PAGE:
Christmas—the Interrupter of Winter
The month of December can feel magical. Strings of lights appear in our yards, twinkling in the darkness; trees light up our houses; our favorite Christmas songs play everywhere in the background; Christmas cookies bake in the oven; people host parties and buy gifts; and everyone is filled with a desire to give to others and care for those in need. It can feel like such a season of hope, of things made beautiful, of people coming together in oneness and joy, and of the needy being cared for.
It is lovely and yet, a bit devastating—especially as you get older—to realize just how quickly the season passes and how long it takes to come back round again. You know that for every twinkly light and caroler, there will be a bag of used wrapping paper and a mostly dead tree left the day after Christmas; and you will feel sad and let down, because just like that, it's gone again, over once more. Maybe you'll keep playing Christmas music in an attempt to keep the spirit going; but eventually, the Christmas cookies will be stale, no one will want to watch It's a Wonderful Life again, and you'll pack everything all up for next December.
It's depressing when Christmas feels like the end—the end of the year, the season, the holiday spirit, the Christmas trees, family being together, and those beautiful twinkly lights. I've been struggling the last few years with this sense of being let down by Christmas. Everything I'm looking forward to enjoying is heaped up into a few short, extremely busy weeks—maybe into the one day of Christmas itself—and then it's over and done, and I'm left disappointed.
A Better Perspective about Christmas
As Christmas approaches this year, I've been reflecting on the fact that I might be thinking about Christmas from the wrong perspective. As much as it feels like it, Christmas is not the end. It is the beginning! I don't mean the beginning of the new year or the beginning of our better selves, but the beginning of real hope.
There's a beautiful passage in The Lion, the Witch, and the Wardrobe by C.S. Lewis that has illustrated this for me. The curse the White Witch places on the country of Narnia is that it would be "always winter and never Christmas." But after all four children in the story have made their way into this other world, hope awakens. Father Christmas appears!
The significance of this is declared by Father Christmas, himself: “‘I've come at last,” said he. “She has kept me out for a long time, but I have got in at last. Aslan is on the move. The Witch's magic is weakening.’” Christmas signals Aslan's return and the weakening of the Witch's dark magic. Christmas stirs hope. The festivities that the animals experience speak to the hope they feel for the end of winter and perhaps an appearance of Aslan.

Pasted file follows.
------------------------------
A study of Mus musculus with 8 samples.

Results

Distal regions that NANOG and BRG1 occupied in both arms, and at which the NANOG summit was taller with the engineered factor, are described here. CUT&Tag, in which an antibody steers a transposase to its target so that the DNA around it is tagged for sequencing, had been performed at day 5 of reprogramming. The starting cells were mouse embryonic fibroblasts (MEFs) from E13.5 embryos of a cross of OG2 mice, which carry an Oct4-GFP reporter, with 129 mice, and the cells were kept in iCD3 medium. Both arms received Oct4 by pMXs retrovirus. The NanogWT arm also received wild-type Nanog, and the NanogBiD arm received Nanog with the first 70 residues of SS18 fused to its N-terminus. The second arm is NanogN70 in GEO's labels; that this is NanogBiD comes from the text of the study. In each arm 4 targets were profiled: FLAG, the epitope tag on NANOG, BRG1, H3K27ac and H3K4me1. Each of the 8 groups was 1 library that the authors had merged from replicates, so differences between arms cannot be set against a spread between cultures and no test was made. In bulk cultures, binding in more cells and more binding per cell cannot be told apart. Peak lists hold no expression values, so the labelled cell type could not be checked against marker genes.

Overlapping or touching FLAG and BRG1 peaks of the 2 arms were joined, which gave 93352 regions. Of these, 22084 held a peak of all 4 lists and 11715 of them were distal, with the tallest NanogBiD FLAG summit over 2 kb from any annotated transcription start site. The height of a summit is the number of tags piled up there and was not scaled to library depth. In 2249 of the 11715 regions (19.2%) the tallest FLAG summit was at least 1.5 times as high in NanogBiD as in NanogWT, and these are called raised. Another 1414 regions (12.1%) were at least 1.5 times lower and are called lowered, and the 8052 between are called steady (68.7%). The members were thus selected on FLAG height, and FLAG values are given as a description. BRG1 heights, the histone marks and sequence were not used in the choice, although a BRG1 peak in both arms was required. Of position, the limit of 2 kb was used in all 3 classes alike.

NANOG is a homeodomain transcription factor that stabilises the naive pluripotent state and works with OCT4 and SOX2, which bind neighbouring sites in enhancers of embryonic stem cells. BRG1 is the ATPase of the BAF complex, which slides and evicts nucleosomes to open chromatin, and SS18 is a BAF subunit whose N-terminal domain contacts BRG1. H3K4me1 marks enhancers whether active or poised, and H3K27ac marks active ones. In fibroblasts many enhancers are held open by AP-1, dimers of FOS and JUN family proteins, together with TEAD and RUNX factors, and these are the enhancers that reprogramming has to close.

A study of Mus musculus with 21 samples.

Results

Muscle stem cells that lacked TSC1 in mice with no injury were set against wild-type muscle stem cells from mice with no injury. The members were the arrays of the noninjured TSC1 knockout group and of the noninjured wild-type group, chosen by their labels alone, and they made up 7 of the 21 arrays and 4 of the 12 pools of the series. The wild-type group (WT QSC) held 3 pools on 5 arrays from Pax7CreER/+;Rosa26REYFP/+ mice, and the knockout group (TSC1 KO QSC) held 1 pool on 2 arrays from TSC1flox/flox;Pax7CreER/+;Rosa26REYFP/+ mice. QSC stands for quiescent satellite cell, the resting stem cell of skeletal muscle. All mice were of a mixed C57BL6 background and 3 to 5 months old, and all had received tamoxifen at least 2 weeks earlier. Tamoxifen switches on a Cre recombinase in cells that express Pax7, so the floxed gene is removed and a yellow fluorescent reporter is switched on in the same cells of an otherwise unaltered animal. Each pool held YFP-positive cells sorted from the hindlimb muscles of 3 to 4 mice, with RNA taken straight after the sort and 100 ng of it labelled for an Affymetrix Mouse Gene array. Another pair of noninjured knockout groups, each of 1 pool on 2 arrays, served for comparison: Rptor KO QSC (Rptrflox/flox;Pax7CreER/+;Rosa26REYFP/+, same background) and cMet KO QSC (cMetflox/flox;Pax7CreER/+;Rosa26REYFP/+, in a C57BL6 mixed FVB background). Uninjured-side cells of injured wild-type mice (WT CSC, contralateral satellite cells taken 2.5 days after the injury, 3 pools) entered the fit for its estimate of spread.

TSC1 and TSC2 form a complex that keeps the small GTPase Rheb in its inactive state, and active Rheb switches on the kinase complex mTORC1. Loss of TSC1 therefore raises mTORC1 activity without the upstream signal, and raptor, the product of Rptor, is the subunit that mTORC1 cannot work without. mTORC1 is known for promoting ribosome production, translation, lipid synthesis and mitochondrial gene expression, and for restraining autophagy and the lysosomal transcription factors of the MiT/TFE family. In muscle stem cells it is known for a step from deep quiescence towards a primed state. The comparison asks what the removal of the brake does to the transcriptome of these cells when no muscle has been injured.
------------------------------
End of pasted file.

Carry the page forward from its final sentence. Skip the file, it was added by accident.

Christmas—the Interrupter of Winter
There is a very real sense in which Christmas is the interrupter of winter. It enters the bleakness and brings celebration. It brings hope for new beginnings, hope for an appearance of a savior. Just as the Israelites endured a long winter of exile, waiting, longing for the appearance of a Promised One, a joy that at times did not seem possible, we too are waiting, exiled in this winter of a world which is not our true home. We are waiting for something better, something that at times seems so far off and so distant that we're not sure it will ever break through. The pain, the loss, the sadness, the suffering of today feels much stronger, much more real. Today, every one of us has something that we're grieving, someone we're missing, fears we're carrying, hurt we're feeling, and it really seems like there's no way out. The winter of all of that brokenness does not seem to have an end. But Christmas interrupts the winter and reminds us of what came and of what we are still waiting for.
We remember the arrival or "advent" of Christ thousands of years ago, and it's beautiful because he came into a hopeless, lost world and gave it a new beginning. The Savior entered our story and gave himself so we could have a new story. As we round the corner of Christmas and all the lights are packed away, it's tempting to think it's over. But Christmas is not the end. As we're celebrating Christ's birth, we're walking right into a time of remembering his life and death and resurrection. Christmas begins this period of remembrance and also reminds us that we're waiting for another advent—the second one.
Christ came to give hope to a broken world, but that hope is not yet fully realized. We are waiting in a time of exile, like the Israelites, for another arrival to interrupt the winter. Christmas is just the beginning. As I put away the Advent calendar and take down the ornaments, that's what I'll be reminding myself of this year. Not that it's all done, but that it's begun. He has come! The world has been changed by his arrival, and he will come again. It will not always be winter.